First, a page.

The specialist agribusiness bank says "better times lie ahead" for the dairy markets of the Philippines, Malaysia, Thailand, Singapore and Vietnam, beyond short-term headwinds currently at play across the region.
And this means south-east Asia will continue to provide growth opportunities for dairy exporters in the medium term, the report, titled ‘south-east Asia - in transition to better times', says.
This is positive news for Australian and New Zealand dairy exporters, says report author, Rabobank senior dairy analyst Michael Harvey, with Oceania traditionally dominating dairy exports to the region.
However, he cautions, opportunities are opening up for the emergence of new competitive players.
"Over the medium term, this region is full of vibrant dairy markets with diverse consumer bases that deliver opportunities for exporters to offer a wide range of consumer products in fast-growing markets," Harvey said.
Dairy markets in south-east Asia are in transition, the report says, as they cycle out of a period of channel disruption, sluggish consumer demand for dairy products and downstream margin pressure that had culminated in a slow down in trade growth between 2020 and 2022.
Dairy trade growth into the region slowed to just 1.4% average annual growth during the pandemic (from 2020 to 2022), down on a compound annual growth rate of 3.3% over the past decade.
South-east Asia has not been immune to global pressures, Harvey said, with economies across the region posting weak growth between 2020 and 2022.
"However, from 2024 onward, the region will present a bright spot against an increasingly lethargic global economy," he said. "Consumer market conditions are improving, with a more meaningful recovery expected from 2024 as inflation eases, food service demand improves and marketing and investment activities increase to support demand growth."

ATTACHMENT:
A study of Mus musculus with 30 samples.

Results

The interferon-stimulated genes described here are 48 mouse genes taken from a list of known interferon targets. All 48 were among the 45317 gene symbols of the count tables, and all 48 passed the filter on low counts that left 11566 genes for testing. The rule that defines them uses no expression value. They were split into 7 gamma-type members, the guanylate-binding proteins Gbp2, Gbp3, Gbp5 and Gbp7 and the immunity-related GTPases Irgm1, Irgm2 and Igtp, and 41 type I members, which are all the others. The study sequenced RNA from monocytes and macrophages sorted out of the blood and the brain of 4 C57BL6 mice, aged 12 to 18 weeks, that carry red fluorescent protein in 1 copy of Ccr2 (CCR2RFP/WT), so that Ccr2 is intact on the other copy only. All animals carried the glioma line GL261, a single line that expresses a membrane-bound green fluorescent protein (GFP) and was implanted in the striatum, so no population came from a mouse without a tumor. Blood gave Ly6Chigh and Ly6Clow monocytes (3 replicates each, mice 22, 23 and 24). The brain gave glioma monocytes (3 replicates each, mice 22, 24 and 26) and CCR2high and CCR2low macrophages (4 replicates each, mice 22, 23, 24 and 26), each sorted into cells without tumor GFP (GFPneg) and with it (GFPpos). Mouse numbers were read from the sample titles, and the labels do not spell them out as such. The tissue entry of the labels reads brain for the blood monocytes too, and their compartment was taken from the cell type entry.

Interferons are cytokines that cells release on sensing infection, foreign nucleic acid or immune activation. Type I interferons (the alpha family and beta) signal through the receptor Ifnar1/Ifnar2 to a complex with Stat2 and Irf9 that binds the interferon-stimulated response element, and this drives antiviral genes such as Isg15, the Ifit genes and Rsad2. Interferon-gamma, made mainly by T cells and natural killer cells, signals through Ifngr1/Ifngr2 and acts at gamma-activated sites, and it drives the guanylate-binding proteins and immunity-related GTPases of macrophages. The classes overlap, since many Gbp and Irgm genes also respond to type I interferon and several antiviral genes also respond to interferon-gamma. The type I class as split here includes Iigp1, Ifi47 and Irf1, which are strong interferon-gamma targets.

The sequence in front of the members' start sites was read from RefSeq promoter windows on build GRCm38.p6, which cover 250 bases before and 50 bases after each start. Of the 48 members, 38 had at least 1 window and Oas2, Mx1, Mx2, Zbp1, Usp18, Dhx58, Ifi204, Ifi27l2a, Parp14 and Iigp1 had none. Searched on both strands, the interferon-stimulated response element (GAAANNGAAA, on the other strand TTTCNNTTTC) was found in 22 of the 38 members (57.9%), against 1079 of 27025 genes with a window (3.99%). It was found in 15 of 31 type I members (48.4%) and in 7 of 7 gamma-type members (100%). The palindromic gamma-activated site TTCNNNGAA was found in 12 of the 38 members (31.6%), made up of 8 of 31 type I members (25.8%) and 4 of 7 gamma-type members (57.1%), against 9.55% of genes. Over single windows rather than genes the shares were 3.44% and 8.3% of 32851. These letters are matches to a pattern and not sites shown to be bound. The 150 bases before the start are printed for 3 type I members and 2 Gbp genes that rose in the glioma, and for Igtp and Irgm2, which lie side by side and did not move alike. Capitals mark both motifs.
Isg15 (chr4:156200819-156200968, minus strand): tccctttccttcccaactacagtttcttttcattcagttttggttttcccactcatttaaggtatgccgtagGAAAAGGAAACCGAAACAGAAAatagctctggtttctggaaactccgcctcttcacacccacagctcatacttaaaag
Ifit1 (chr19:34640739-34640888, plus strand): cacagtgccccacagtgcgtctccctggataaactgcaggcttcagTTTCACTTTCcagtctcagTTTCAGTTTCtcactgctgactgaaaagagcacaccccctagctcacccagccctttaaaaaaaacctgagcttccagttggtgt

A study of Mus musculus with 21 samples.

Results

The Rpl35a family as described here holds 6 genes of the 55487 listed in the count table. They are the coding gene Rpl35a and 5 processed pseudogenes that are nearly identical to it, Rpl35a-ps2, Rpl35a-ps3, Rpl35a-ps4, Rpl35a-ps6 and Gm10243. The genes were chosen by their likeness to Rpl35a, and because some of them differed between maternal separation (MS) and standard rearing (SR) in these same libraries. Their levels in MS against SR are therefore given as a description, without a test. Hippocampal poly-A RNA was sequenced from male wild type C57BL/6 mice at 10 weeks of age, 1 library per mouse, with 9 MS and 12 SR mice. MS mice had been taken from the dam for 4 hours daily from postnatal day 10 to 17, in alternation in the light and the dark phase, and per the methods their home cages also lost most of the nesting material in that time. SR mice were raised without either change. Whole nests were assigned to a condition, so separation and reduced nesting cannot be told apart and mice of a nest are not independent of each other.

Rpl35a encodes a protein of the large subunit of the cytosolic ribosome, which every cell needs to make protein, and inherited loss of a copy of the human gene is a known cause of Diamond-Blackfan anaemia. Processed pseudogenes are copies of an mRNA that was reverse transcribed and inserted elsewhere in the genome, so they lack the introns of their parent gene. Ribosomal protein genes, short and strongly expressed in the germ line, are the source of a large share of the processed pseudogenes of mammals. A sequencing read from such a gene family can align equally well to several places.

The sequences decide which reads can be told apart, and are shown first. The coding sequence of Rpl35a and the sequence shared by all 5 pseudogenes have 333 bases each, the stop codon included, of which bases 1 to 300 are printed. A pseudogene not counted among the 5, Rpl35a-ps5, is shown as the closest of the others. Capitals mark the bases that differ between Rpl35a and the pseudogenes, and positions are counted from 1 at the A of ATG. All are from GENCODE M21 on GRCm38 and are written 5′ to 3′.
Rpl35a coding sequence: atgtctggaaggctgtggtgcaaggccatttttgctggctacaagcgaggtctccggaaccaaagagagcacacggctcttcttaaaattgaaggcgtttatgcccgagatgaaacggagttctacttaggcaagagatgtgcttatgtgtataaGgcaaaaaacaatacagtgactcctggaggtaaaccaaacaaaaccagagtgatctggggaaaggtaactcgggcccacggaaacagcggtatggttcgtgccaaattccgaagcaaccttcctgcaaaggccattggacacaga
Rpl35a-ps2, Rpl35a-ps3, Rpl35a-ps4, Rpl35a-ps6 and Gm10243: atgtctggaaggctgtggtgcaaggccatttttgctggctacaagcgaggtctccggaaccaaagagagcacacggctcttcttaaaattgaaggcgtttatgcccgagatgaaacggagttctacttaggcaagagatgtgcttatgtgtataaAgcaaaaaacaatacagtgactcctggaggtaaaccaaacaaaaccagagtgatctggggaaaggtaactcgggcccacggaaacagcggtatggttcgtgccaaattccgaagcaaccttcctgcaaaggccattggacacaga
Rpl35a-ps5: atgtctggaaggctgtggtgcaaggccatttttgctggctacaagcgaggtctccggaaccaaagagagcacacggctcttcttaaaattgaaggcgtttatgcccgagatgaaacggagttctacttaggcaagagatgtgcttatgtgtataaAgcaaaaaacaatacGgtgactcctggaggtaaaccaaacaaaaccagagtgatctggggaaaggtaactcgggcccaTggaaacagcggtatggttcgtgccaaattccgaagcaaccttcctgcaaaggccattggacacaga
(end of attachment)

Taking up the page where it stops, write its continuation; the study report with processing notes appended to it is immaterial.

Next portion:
The International Monetary Fund forecasts growth of between 4% to 7% across south-east Asian economies between 2023 and 2028, the report cites.
"This is strong growth that underpins our dairy demand forecasts," Harvey said.
That said, he cautions, "these growth rates forecasts still fall below recent historical rates and these economies also face the looming risk of China's economic slowdown proliferating through the region".
Collectively, south-east Asia has a substantial milk deficit, the report says. And while local milk production is growing in most countries in the region, it is coming from a low base.
Mr Harvey said challenges associated with feed quality, genetics, capital and other resources remain major hurdles to domestic milk supply growth in South-East Asia.
"As a result, self-sufficiency rates for dairy remain low in the region and are unlikely to see a transformational lift over the medium term to 2030," he said.
Rabobank estimates the region's combined dairy import stood at 9.9 billion litres in
2022 - compared with China's 14 billion litres in the same year.
With the region at the beginning of a trade recovery, Rabobank expects total dairy import volumes for south-east Asian countries to be two per cent lower in 2023 before import growth accelerates by 3% in 2024.
And "further over the horizon", the bank expects south-east Asia's import deficit to widen even more as demand growth collides with local supply limitations.
While this will provide a good platform for growth for dairy exporters, the report warns the region will remain a "fierce battleground" for local brands and exporters.
"The region is typically dominated by Oceania, but opportunities are opening up for the emergence of new players," Harvey said.
"This means price competitiveness, distribution, new product development and
marketing credentials will be critical for the long-term success of all players."
Rabobank is a leading specialist in food and agribusiness, which offers customised solutions to companies involved in all aspects of food and agriculture.